Dimension of Hilbert Space in Quantum Mechanics

We know that the Hilbert space of wavefunctions can be spanned by the |x> basis which is a non-countable set of infinite basis kets. Now consider the case of a particle in a box. We say that the space can be spanned by the energy eigenkets of the hamiltonian (each eigenket corresponds to an energy eigenvalue). Since the energy eigenvalues are discrete, therefore the set of corresponding eigenkets must form a countable set of infinite kets. But then isn't this a contradiction, since the cardinality of any set of basis vectors spanning the same space must be the same. In other words there must exist a bijective mapping from the one set of basis vectors to another set of basis vectors, whereas in this case we cannot define such a mapping from a countably infinite set to a non-countable infinite set.
 

George Jones

This is not a basis for the Hilbert space, since the |x> do not actually live in the Hilbert space. See rigged Hilbert spaces or Gelfand triples.
 

George Jones


https://www.physicsforums.com/showthread.php?t=122063&highlight=dirac.

Standard quantum mechanic books that have short treatments of rigged Hilbert spaces/Gelfand triples include Nonrelativistic Quantum Mechanics by Anton Z. Capri, Quantum Mechanics: A Modern Development by Leslie Ballentine, and Quantum Mechanics: Foundations and Applications by Arno Bohm. See also the Chapter 14, Bras, kets, and all that sort of thing, in Mathematics for Physics and Physicists by Walter Appel.

A couple of heuristic not so careful posts by me explaining this sort of thing are

http://groups.google.ca/group/sci.physics/msg/48b32de855207a90?dmode=source

http://groups.google.ca/group/sci.physics/msg/4e62f4fa46ef8b73?dmode=source.

As far as I know, almost all (actual) Hilbert spaces used in quantum mechanics are separable, i.e., they have countable orthonormal bases (not to be confused with Hamel bases).
 
That was an awesome paradox! Too good! And enlightening!

Anyway, returning to my question,I understood your point that |x> does not live in the Hilbert space.Thanks!

Let us not call the space of wavefunctions for a particle in a box as Hilbert space. Let us call it some space (say space X). This space can be spanned by |x> basis and the countably infinite energy basis kets (as in, you can express any wavefunction in |x> basis as well as the energy basis). How is this possible?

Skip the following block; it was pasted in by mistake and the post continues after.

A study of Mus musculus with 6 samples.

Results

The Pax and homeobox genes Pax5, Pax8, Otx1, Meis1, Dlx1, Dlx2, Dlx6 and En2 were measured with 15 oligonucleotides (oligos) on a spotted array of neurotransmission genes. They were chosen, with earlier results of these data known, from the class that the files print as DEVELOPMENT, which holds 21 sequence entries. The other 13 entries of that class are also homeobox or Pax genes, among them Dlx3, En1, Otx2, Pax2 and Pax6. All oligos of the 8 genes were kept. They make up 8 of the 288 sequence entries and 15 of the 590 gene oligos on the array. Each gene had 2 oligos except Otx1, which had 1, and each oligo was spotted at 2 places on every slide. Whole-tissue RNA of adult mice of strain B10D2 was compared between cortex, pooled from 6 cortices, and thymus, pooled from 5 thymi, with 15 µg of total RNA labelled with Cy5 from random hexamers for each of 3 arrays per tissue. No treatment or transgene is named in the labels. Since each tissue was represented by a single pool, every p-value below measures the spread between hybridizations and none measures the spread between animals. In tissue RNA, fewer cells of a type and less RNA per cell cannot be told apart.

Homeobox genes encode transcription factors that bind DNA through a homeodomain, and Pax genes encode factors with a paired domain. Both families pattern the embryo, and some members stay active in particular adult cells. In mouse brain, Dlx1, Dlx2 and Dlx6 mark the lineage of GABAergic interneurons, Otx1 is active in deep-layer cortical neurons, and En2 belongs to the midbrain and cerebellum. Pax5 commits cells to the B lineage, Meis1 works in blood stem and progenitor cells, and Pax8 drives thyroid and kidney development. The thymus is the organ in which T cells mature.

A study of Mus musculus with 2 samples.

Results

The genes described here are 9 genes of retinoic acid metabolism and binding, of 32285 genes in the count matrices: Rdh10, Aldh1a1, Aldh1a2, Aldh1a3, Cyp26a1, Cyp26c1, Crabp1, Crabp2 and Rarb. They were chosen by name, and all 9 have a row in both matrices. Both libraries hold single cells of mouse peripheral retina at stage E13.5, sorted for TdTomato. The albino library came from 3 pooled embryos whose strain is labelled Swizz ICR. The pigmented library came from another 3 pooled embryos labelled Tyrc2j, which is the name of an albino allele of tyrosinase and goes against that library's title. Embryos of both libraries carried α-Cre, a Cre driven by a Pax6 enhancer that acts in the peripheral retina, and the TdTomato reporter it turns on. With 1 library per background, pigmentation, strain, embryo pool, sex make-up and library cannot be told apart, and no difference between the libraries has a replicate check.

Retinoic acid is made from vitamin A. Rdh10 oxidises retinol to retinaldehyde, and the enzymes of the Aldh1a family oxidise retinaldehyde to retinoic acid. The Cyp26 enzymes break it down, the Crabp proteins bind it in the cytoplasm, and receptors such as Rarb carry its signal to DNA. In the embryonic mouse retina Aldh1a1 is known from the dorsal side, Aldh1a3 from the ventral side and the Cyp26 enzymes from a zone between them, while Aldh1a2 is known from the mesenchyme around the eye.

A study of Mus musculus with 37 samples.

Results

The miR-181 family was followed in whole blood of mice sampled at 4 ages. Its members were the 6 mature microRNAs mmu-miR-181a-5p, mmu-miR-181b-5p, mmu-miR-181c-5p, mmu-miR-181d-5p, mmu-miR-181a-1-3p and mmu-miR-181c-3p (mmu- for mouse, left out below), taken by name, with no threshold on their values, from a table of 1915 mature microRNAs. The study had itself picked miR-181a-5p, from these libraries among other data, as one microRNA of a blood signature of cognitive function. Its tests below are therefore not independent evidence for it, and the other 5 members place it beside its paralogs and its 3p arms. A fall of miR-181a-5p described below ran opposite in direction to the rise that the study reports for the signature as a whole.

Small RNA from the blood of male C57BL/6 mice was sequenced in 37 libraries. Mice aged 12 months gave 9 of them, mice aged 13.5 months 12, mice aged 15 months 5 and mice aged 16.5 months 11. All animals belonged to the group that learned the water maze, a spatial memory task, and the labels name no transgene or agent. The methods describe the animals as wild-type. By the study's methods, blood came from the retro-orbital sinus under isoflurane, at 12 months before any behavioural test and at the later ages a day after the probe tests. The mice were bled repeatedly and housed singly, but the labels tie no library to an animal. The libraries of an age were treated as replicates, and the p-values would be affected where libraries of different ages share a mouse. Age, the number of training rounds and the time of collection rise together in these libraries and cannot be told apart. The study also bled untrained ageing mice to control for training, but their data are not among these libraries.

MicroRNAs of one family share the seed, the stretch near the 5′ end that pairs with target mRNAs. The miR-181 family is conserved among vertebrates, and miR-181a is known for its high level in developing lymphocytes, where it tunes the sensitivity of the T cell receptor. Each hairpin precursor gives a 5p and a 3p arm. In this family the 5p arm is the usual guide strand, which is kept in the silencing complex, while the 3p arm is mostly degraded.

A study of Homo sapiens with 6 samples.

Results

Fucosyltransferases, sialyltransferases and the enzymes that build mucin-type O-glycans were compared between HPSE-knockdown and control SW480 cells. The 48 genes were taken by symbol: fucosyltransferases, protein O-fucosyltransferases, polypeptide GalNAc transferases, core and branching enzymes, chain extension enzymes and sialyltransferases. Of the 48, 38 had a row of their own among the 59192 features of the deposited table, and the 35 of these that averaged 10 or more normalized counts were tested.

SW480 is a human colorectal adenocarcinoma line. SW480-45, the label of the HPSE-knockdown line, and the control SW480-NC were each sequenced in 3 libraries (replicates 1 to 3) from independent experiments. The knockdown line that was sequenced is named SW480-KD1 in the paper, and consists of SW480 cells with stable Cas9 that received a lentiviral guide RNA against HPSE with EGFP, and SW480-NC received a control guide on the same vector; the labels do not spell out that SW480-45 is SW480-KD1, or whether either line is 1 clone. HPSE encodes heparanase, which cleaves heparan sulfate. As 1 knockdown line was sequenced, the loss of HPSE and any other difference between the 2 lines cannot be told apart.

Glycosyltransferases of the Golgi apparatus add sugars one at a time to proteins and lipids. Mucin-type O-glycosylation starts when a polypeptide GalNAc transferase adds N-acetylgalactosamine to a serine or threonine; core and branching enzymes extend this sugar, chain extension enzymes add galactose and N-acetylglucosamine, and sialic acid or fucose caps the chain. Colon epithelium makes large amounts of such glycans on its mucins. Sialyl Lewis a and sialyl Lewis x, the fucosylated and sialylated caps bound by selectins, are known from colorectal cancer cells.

George Jones

Think of wavefunction space as lying inside the larger space as a proper subset. Anything inside the larger space, including stuff in proper subsets, can be expanded in terms of the generalized eigenstates |x>. Find an orthonormal basis (e.g., energy eigenstates) for the proper subset, in terms of which anything inside the proper subset can be expanded. Stuff outside the proper subset, however, cannot be expanded in terms of a basis of the proper subset.
 

The Fourier transform of Gaussians are Gaussians, so you get wave packets for the momentum eigenstates in the same form.
 

George Jones


The Fourier transform of Gaussians are Gaussians, so you get wave packets for the momentum eigenstates in the same form.
Yes, I commented on this in the third reference that I gave in post #3,
George Jones said:
Nevertheless, quantum mechanics has a (somewhat) nice Hilbert space formulation (due to Von Neumann) that neither needs nor uses delta functions or any other non-square-integrable beasts (e.g., plane waves).
Two points: many physicists do not want to give up the elegance (and occasional ugliness) of full Dirac notation; quantum mechanics in Hilbert space, done in a mathematically honest way, is itself quite daunting (see, e.g., the books by Reed and Simon).